CARE International works in some of the world’s most vulnerable communities to ensure food security for all.

The importance of food security 

The world produces enough food for everyone to eat, but many people around the world still go hungry. There are three major factors leading to food and nutrition insecurity:  

  • Poverty prohibits people from buying food to feed themselves and their families 
  • Climate change affects food production, especially for small-scale farmers 
  • Food waste and losses contribute to hunger 

When food is scarce, women are the first to go short, or even go without as they prioritize their families. Equally, women are often vital agents of change in terms of tackling food insecurity. At CARE International, we know that women small-scale farmers are critical to global food production but lack access to the same resources as their male counterparts. We focus on supporting women farmers so that they can feed the world.  

A side image of a woman standing and expecting fruit from a tree.

Isabelle Niyotwagirwa assesses tamarillo fruits on her farm in Mutaho, a village in Democratic Republic of Congo. Isabelle uses mixed farming techniques by combining horticulture and vegetable crops on her farm.

What is CARE International doing to increase food security? 

In the face of rising food insecurity, CARE International is working in some of the world’s most vulnerable communities to ensure that no one dies from hunger or suffers chronic malnutrition.  

We work to help people find sustainable ways to make sure they know where their next meal is coming from and support long-term methods of reducing their vulnerability to hunger and malnutrition. This includes supporting farming households to ensure local markets are well stocked, managing natural resources so that they are less at risk from the effects of climate change, and strengthening livelihoods so that people can purchase food.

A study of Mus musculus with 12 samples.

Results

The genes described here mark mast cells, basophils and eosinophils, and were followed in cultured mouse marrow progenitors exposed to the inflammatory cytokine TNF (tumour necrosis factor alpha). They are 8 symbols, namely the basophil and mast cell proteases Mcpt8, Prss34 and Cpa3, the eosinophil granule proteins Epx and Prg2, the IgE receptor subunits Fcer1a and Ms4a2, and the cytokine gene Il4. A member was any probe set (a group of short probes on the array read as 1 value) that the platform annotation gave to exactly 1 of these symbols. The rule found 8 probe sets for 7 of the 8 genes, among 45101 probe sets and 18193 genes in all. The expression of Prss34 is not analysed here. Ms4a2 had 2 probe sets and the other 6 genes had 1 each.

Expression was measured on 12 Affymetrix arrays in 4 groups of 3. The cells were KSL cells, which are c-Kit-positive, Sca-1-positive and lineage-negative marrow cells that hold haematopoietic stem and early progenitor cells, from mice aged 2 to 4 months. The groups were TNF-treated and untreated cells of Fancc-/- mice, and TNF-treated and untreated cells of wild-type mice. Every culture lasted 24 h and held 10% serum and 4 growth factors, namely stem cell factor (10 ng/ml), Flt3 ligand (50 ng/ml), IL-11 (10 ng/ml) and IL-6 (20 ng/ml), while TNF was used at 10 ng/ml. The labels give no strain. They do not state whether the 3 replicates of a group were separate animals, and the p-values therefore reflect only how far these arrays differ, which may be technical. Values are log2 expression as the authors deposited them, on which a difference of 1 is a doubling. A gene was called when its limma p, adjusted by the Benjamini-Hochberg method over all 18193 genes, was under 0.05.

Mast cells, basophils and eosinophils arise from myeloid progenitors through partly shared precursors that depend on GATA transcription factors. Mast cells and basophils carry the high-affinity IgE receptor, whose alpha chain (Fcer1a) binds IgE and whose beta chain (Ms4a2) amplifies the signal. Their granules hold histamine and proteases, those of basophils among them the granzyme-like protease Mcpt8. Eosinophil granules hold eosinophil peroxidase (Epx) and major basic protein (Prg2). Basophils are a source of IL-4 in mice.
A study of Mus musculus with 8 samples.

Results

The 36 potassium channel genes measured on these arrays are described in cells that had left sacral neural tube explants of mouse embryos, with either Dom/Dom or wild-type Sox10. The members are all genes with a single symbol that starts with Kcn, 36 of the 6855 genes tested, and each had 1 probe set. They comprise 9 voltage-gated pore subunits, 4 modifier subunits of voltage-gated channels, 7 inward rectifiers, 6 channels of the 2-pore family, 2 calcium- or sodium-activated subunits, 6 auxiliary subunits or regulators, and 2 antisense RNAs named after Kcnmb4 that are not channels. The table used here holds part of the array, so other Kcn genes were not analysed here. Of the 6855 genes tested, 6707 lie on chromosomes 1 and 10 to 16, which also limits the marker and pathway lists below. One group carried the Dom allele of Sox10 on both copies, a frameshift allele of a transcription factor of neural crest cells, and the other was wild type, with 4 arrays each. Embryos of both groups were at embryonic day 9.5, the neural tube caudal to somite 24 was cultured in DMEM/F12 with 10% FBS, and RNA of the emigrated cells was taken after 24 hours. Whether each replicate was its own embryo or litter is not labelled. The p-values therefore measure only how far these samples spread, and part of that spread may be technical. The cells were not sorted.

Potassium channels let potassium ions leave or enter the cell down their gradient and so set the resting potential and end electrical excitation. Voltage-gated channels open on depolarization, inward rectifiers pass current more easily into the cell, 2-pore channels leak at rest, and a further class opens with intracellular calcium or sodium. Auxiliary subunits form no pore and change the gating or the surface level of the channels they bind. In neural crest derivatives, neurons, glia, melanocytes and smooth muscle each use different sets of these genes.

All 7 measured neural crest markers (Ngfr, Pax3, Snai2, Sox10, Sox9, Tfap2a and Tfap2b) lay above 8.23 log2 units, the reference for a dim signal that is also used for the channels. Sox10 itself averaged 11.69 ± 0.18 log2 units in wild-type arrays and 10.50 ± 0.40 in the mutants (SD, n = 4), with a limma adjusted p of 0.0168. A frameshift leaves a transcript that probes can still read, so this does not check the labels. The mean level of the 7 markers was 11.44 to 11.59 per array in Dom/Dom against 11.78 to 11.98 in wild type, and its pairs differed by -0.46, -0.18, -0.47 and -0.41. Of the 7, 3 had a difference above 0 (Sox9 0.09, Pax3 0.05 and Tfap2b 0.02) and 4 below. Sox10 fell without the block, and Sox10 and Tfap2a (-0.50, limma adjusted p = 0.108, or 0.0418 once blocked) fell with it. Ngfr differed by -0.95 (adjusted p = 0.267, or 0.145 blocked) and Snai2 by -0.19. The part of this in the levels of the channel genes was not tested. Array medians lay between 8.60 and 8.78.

The gender transformative approach of the Win-Win project in Burundi, for example, led to increases in rice production, food security, and incomes, as well as successfully challenging community attitudes around gender-based violence. 

Adapting the EKATA (gender-transformative Empowerment through Knowledge and Transformative Action) model from CARE’s work in Bangladesh, women’s solidarity groups and community dialogue helped women access the support they need to change discriminatory social and gender norms. The approach produced a $5 return for every $1 invested compared to a $3 return for every $1 spent. 

Working with 4 local partners, DBI EAN, ENPHO, NTAG, and VDRC as part of a consortium working in 42 of Nepal’s 77 Districts, Suaahara II in Nepal contributed to reducing food insecurity by 12.5%, increasing food security for 1.6 million people. 

The project successfully scaled up a health mapping tool at the national level through Self-Applied Technique for Quality Health (SATH), as well as Community Health Score Boards (CHSB) that promote social accountability.